The witty banter and casual mannerisms of Jon and Dave Milstein as they jokingly bicker and chow down at an Armenian coffeehouse is hardly consistent with what is expected from the creators of the dark, brooding superhero of their comic book “The Assembly of the Dead.” But it is this character — and their comic book — that has these two regular guys from Falls Church on the brink of a life-changing opportunity.
Jon and Dave’s entry has been selected as one of 50 finalists in Platinum Studios’ Comic Book Challenge, an international comic talent search.
“We’ve been drawing comics together for a long time,” Jon, who has been drawing comics since the fifth grade, said. “Most of them bad.”
“I think we’re finally trying to graduate from complete amateurs to semi-pro,” Dave, who learned to read from “The Incredible Hulk,” added. “And hopefully pro, if we win.”
Jon first heard of the competition from his dad’s girlfriend, who forwarded him a link about the competition. Jon and Dave, who say they have been developing “Assembly” for approximately two years, decided to enter the one-page comic book entry and synopsis. Two weeks ago, they were notified that they made it to the finalists’ round of 50. Dave, who was at first very confident that they would be selected, said he has come to appreciate the depth of their accomplishment.
“We realized that there’s got to be a lot of comic nerds worldwide, and that it was pretty cool that we made that level of achievement,” Dave said.
Next stop for the duo is San Diego, Calif., where Jon will pitch their comic to a panel of judges, including the winner from last year’s competition and the president of Platinum Studios.
As the one who emailed the submission, Jon became the official entrant to the competition, with Dave relegated to the title of “Team Member.” Dave said that he is fine with Jon being the one who is the official entrant and, as a result, the one who will make the pitch. Although he added with a laugh that, “He was elevated to top gun without any discussion whatsoever.”
Jon, who has watched YouTube videos of some of last year’s pitches, said he feels pretty good about making his own pitch.
“I’m a little nervous,” Jon said. “But I think I’ll be all right. We think we have a good product on our hands. We think we have a story to tell. We think America is ready for our kind of entertainment.”
The competition coincides with Comic-Con International, billed on its website as “the largest comic book and popular arts convention in the world.” Dave described it as “150,000 people that descend on San Diego, many of them dressed as Captain Kirk.”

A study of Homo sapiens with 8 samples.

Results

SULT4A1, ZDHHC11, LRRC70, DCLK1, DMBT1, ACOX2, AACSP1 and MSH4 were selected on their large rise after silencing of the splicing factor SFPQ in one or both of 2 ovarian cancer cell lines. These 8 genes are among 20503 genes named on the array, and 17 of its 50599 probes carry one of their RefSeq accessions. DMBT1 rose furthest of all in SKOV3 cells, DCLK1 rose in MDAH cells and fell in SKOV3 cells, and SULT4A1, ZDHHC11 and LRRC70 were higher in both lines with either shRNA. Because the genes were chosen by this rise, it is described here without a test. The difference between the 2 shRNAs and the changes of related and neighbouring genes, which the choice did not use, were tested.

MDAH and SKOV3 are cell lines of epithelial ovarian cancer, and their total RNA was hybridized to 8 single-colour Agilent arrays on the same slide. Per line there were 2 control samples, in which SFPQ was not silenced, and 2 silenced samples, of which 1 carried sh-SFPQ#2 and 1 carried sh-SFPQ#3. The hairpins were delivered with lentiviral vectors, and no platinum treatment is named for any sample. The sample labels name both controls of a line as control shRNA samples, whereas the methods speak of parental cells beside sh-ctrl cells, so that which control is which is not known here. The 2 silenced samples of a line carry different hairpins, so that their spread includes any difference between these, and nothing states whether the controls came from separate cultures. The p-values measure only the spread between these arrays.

“Not us, though,” Jon added reassuringly. “[We dress as] Spock.”
Jon and Dave work as a team, with Jon handling the drawing element and Dave the writing element of the comic. Jon had been making his own comics for a while, at which point Dave, who has written a novel and is currently writing short fiction, said he noticed “[Jon’s] plots sucked. And I was like, ‘Jon, maybe we should do something together.’”
Citing an example of his early work, Jon showed off the cover of a comic that featured Abraham Lincoln engaged in a tussle. Jon described it as, “Just another mindless fight comic with some silliness. There’s stenchmen instead of henchmen. There’s a chick with hairy armpits and a guy who [defecates].”
“That’s an example of why he needed some writing help,” Dave said, pointing at the cover. “To channel his energies.”
Jon described comic book writing for him and Dave as “a collaborative hobby.” Jon, who is 31 years old, is a government contractor by trade, and Dave, 36, is an information technology specialist. Each longs for the opportunity to work creatively and independently.
Due to contest rules, Jon and Dave are not allowed to describe their comic or else they will be disqualified. They are, however, allowed to refer interested readers to www.assemblyofthedead.com. The site features six pages of the beginning of the story, with a mysterious lead character that resembles a pulp fiction private eye resurrecting a recently-deceased man.
“Let’s tell you what it’s not about,” Jon said. “It’s not about time traveling, people in tights — ”
“Richie Rich,” Dave interjected.
“It has nothing to do with Richie Rich or Casper the Ghost,” Jon said. “It’s not about office politics.”
Jon said that much of the preparation for the competition now lies with him, as he needs to finish drawing and coloring the comic, as well as preparing for the pitch.
“My role is to critique,” Dave said.
Once the 50 finalists make their pitches July 26, the judges will narrow the field to 10 by July 28. Two weeks of internet voting follows that, at which point the field will be reduced to three. There is then one more week of voting before a winner is named. The winner will receive a contract with Platinum Studios to have their comic produced, and possibly expanded to other forms of media.
While they appreciate the magnitude of the opportunity that lies before them, the brothers feel good about their chances.
“I think [‘Assembly’] is a really good story,” Dave said. “I probably don’t have the proper amount of modesty about that, but I really think my story’s great. So I don’t see why we shouldn’t win.”